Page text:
Bringing “unbanked” residents into the financial mainstream

“Bank On” initiatives in 75 cities are expanding access to affordable banking options.

Yvonne Green works on the frontline of one of Houston’s toughest challenges: the hurdles many low-income people face when it comes to opening a bank or credit union account.

For some people, that hurdle is their lack of faith in financial institutions. For others, it’s that they simply don’t have enough money to meet minimum-balance requirements. Whatever the reasons, more than one in three Houstonians can be characterized as “unbanked” or “underbanked,” which means they also have a tougher time when it comes to saving, accessing credit, and building their assets.


Started in San Francisco and New York in 2005, Bank On initiatives are now active in more than 75 cities. While each is driven individually from the municipal level, since 2013, they have been connected in partnership with the Cities for Financial Empowerment Fund (CFE Fund), a Bloomberg Philanthropies-supported organization that works with mayors and their teams to develop, test, launch, and replicate financial empowerment strategies.

The CFE Fund has created a national standard for what qualifies as a certified low-cost, no-overdraft transaction account, and has begun quantifying the performance of these accounts for financial institutions and customers. The CFE Fund and the Federal Reserve Bank of St. Louis have been piloting an approach to collecting data on the results, working in partnership with four national banks. Last month, they released a study showing that Green and her counterparts across the country are making a significant difference when it comes to bringing the “unbanked” and “underbanked” into the mainstream financial fold.


Those numbers are important, but it’s what customers did with those accounts that matters more. Accounts were widely and regularly used for traditional banking transactions such as making multiple deposits, withdrawals, and debits. More than one-third of account holders used direct deposit. And account holders saved more than $277 million in check-cashing fees in 2017 alone. These findings indicate that customers are using these accounts in vibrant ways — more so, in fact, than the CFE Fund and Bank On even expected.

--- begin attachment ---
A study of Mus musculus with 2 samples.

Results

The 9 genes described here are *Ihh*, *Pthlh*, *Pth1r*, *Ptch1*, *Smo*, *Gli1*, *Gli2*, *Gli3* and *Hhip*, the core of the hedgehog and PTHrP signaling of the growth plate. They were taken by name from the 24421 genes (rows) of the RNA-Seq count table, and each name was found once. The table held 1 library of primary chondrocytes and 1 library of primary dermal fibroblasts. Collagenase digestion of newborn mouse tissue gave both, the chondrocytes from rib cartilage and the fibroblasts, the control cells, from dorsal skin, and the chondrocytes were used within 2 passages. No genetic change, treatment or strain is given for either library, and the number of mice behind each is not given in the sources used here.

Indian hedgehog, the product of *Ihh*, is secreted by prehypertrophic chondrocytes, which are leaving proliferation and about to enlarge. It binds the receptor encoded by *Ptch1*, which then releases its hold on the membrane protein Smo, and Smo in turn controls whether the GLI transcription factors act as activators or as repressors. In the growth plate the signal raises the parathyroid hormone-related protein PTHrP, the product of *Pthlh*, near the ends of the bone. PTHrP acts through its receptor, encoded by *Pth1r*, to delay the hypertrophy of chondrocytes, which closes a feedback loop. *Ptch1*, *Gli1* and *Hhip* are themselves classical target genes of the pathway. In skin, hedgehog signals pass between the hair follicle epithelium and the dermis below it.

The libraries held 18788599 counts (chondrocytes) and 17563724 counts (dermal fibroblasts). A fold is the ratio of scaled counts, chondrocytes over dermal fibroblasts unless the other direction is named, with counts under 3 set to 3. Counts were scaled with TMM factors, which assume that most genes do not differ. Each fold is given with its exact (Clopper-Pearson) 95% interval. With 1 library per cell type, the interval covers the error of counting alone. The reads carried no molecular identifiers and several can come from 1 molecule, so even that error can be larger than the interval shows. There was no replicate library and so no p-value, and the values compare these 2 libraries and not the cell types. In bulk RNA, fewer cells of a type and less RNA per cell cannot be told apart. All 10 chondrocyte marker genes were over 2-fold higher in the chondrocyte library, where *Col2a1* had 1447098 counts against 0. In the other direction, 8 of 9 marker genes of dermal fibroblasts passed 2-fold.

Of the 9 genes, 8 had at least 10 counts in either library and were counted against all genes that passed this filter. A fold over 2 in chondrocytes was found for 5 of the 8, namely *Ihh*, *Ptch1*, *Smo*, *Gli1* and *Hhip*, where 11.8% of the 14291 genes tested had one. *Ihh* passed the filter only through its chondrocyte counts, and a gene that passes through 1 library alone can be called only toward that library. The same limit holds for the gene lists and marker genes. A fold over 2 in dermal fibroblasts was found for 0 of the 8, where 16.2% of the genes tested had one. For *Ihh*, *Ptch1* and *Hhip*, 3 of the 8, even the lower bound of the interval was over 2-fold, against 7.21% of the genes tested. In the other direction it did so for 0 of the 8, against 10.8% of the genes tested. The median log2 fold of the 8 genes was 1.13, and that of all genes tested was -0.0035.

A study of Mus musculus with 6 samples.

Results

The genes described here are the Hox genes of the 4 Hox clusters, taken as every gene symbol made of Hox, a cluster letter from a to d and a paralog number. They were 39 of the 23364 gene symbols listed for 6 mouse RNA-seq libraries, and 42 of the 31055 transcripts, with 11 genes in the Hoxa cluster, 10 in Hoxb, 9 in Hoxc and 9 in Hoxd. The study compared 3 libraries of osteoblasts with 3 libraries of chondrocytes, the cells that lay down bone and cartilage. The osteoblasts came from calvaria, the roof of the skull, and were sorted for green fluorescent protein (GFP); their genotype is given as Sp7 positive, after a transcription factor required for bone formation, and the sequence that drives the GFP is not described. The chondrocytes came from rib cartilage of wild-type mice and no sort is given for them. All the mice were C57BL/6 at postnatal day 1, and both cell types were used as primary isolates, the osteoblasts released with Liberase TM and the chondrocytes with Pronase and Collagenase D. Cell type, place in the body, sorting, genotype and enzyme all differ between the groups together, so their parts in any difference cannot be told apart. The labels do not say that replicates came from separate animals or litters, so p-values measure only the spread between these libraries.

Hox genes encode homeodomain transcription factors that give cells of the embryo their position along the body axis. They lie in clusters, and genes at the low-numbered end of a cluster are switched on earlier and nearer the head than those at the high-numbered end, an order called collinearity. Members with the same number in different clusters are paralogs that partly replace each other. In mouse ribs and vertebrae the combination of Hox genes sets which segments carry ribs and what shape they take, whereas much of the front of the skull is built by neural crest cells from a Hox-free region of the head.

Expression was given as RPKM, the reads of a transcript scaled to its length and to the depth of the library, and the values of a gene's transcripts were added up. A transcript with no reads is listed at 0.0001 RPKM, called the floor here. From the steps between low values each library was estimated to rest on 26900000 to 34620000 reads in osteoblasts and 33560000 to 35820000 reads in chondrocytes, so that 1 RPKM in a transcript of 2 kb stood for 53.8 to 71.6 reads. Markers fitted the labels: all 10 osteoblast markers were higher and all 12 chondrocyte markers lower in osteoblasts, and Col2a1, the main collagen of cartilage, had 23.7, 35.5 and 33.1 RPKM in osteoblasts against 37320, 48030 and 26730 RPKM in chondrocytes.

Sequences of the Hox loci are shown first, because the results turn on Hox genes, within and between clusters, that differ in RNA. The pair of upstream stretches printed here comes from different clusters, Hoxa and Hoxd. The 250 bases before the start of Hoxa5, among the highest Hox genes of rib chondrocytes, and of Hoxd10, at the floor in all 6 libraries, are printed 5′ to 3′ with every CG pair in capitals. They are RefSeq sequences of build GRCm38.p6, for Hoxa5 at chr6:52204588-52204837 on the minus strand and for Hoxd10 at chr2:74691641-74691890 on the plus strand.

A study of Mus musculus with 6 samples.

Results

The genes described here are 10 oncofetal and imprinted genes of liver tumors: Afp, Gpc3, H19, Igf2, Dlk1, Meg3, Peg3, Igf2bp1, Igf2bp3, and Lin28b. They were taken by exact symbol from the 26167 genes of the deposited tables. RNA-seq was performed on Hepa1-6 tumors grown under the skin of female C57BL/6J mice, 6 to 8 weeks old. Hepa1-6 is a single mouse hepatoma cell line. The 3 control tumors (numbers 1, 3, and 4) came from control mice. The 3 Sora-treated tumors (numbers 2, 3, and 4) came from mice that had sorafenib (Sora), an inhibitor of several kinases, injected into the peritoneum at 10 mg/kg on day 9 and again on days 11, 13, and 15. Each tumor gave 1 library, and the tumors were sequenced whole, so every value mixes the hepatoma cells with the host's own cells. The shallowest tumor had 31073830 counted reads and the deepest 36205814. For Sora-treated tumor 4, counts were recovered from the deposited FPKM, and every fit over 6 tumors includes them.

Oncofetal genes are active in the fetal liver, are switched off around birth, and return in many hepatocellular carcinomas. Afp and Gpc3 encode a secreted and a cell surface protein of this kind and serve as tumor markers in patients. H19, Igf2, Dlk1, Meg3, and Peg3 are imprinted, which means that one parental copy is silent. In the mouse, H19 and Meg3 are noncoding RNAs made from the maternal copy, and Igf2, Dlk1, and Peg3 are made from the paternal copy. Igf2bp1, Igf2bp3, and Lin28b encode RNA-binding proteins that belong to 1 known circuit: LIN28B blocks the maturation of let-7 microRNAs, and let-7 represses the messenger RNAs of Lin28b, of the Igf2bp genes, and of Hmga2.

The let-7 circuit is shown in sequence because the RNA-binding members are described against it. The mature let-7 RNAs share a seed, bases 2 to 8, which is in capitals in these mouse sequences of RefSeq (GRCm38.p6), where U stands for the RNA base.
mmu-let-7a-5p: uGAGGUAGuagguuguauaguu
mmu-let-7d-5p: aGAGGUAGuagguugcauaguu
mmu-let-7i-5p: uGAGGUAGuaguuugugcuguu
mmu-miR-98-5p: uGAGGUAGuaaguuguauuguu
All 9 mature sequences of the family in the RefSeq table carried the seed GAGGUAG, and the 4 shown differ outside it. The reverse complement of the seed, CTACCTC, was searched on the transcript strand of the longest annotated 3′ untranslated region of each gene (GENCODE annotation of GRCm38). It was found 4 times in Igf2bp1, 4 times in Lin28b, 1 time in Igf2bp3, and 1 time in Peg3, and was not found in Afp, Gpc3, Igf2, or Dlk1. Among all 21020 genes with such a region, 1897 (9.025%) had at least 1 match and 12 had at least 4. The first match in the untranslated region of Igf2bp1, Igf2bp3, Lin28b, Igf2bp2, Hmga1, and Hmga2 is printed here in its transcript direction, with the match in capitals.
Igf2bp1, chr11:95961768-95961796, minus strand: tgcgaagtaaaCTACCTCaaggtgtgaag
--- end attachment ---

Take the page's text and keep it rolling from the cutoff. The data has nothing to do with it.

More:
“This pilot account data provides more proof of concept than even we had hoped,” said Jonathan Mintz, Founding President and Chief Executive Officer of the CFE Fund. “These safe accounts are drawing customers into mainstream banking by the millions, and they’re using these accounts in demonstratively productive ways that benefit both them and their financial institutions.”

The data can make a real difference in Houston, where Green said she’s always had anecdotal evidence that Bank On was having an impact, but now she has the numbers to prove it. That can make convincing new banks to get on board and offer the accounts that much easier. “Having access to these accounts allows people to practice money management, which helps them understand the financial system,” she said. “And financially empowered communities can build better cities.”